Prospects of greater heat levels returning this week had prices rebounding at a large majority of trading locations Monday. The previous Friday’s rise of 3.6 cents by prompt-month futures and the return of industrial load from its usual weekend decline were additional minor bullish factors.

A few scattered flat points, primarily in the temporarily cooling Midwest, were left out of gains ranging from 2-3 cents to about 20 cents.

July futures spent their next-to-last day on the board being supportive of next-day cash numbers with a further advance of 2.7 cents (see related story).

The Northern Natural Gas bulletin board indicated something of a mini-heat wave due in its Upper Midwest market area. With a normal system weighted temperature of 71 at this time of year, the pipeline projects its average going from a rather chilly 67 Monday to 70 Tuesday, 76 Wednesday and 83 Thursday.

Despite The Weather Channel’s (TWC) prediction of “cold” fronts moving into the Northeast and South, highs in the 90s were prominent in the South’s outlook for Tuesday, and TWC said most of the Northeast would peak in the 80s. The West Coast will remain cool for a while longer, but the interior West is feeling the heat, with Phoenix expected to reach the mid 110s while Denver sees a major jump into the low 90s, according to Madison, WI-based Weather Central.

There was no doubt that many, if not all, of the Lone Star State’s peaking gas-fired generation units were running all out. The Electric Reliability Council of Texas appealed to consumers and businesses to reduce their electricity use between 3 p.m. and 7 p.m. Monday due to record high temperatures and unexpected generation outages. “The temperature is hotter than usual for this time of year, and we lost several generation units earlier today,” said Kent Saathoff, vice president of grid operations and system planning.

Although a minor cooling trend will be in effect Tuesday in Texas, highs approaching 100 in much of the state are likely to keep many gas power facilities running. Quotes were up about a nickel at both Houston Ship Channel and the Katy Hub.

Tennessee, Transco and Southern California Gas have ended OFOs or other actions to guard against high linepack (see Transportation Notes). The OFO elimination was a factor in SoCal citygates recording Monday’s top increase (However, although the notice didn’t come out until Monday afternoon — much too late to affect that day’s cash trading — the giant LDC issued a new high-linepack OFO for Tuesday).

However, Florida Gas Transmission’s (FGT) ending an Overage Alert Day during the weekend was followed Monday by Gulfstream Natural Gas saying linepack was at the high end of its acceptable operating levels. “Gulfstream hereby notifies its shippers that at the current linepack level Gulfstream cannot absorb a significant quantity of underdeliveries of gas,” the pipeline added. But although FGT Zone 3 in the production area was one of the few flat points, FGT Zones 1 and 2 rose about a nickel each.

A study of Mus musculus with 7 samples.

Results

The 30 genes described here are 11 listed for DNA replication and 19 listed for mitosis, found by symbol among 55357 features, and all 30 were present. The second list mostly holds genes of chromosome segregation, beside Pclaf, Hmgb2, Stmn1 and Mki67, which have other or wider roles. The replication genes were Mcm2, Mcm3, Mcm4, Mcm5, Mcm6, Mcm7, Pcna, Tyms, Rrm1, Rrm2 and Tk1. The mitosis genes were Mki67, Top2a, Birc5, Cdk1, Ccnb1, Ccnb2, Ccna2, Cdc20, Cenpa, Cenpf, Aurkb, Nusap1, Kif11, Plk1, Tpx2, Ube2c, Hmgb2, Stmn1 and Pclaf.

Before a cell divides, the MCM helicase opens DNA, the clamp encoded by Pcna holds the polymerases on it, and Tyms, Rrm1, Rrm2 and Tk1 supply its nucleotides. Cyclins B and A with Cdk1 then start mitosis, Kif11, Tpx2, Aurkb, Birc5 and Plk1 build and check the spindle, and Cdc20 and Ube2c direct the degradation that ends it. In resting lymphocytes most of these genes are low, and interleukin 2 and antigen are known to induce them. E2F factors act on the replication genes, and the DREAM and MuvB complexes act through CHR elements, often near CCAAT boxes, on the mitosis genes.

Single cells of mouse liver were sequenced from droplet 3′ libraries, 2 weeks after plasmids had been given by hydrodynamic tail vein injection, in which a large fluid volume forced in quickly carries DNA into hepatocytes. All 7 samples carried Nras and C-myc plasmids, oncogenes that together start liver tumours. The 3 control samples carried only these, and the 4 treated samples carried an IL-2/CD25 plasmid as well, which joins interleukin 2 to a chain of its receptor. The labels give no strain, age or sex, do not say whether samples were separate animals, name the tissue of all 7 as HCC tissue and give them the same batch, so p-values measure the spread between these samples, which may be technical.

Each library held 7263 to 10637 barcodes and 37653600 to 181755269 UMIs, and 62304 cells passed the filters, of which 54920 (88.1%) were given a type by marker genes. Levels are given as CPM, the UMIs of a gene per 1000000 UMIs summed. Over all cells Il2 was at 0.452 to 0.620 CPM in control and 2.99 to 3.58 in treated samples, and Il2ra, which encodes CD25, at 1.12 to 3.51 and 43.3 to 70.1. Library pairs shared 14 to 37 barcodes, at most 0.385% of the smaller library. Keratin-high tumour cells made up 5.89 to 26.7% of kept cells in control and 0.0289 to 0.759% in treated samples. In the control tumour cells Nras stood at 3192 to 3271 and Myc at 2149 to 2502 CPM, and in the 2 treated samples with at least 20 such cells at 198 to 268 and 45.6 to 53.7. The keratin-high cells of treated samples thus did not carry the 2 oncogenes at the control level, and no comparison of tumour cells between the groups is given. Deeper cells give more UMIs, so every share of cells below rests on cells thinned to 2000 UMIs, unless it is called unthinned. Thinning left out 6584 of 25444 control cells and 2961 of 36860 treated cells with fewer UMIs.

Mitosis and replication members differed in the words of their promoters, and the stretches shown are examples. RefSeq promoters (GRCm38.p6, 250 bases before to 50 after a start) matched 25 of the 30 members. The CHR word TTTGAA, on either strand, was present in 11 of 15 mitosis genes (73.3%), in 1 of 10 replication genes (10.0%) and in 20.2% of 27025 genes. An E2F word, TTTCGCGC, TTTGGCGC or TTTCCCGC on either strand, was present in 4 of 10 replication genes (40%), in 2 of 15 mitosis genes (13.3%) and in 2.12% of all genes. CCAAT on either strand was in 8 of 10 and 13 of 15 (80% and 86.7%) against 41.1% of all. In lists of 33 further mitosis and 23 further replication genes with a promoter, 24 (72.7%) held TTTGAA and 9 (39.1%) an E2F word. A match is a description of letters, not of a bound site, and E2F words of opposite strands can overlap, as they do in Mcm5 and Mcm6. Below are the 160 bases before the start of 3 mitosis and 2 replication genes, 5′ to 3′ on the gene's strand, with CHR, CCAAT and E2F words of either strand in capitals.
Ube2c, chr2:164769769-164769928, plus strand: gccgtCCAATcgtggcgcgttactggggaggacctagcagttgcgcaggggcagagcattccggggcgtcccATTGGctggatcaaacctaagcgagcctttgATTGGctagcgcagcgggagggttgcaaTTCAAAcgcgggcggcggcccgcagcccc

Atlantic tropical activity picked up a bit, but still had nothing to stir any interest in the gas market. The National Hurricane Center was monitoring a broad area of low pressure associated with a tropical wave over the eastern end of Mexico’s Bay of Campeche Monday. However, the agency gave it only 30% odds of developing into a tropical cyclone over the succeeding 48 hours and said it was expected to continue to bring locally heavy rains and gusty winds to portions of eastern Mexico and Central America as it moved slowly west-northwestward.

A Midwest utility buyer said massive regional flooding had not damaged any of his company’s facilities, but it had lost several customers temporarily due to their gas and electric service being turned off when they were forced to evacuate by the floodwaters.

The utility is seeing very little cooling load currently with highs reaching only the upper 70s Monday; “a bunch of rain is keeping us fairly cool” for now, he said. But it should received a considerable boost in generation demand when it’s forecast to get up to around 99 toward Thursday, he added.

The National Weather Service (NWS) sees most of the nation’s warmer weather shifting westward during the period straddling the Fourth of July weekend. In its forecast for July 2-6, the agency predicted above-normal temperatures occupying the entire West through the central Dakotas and Nebraska in the north and extending from the Gulf Coast through the upper reaches of the South to the South Atlantic coast (including Virginia). The only areas where below-normal readings are expected are in Maine and peninsular Florida, while the southern tip of Texas and most of the Midwest and Northeast can expect normal conditions, NWS said.

Active gas-directed drilling rigs rose by three during the week ending June 24, according to the Baker Hughes Rotary Rig Count. Three were added onshore while there was no change in the Gulf of Mexico, Baker Hughes said. Its latest tally is 1% lower than a month ago and down 9% from the year-earlier level.

Canaccord Genuity analysts said the small increase in the Baker Hughes count put an end to a two-week and 17-rig losing streak. Year-to-date, the gas rig count has declined 46 rigs, or by 1.8 rigs on average per week, they said, adding, “The trajectory of rig declines thus far suggests it may be tough for the gas rig count to meet our expectation of sub-800 rigs by year-end. Should the resiliency in gas-directed drilling activity persist, our expectation of an already robust [about] 3.5 Bcf/d of U.S. production growth this year could prove conservative.”

IntercontinentalExchange indicated rising bidweek numbers Monday at the SoCal citygate and PG&E citygate, saying they were up about 6-7 cents from Friday levels on its platform to average about $4.49 and $4.58, respectively.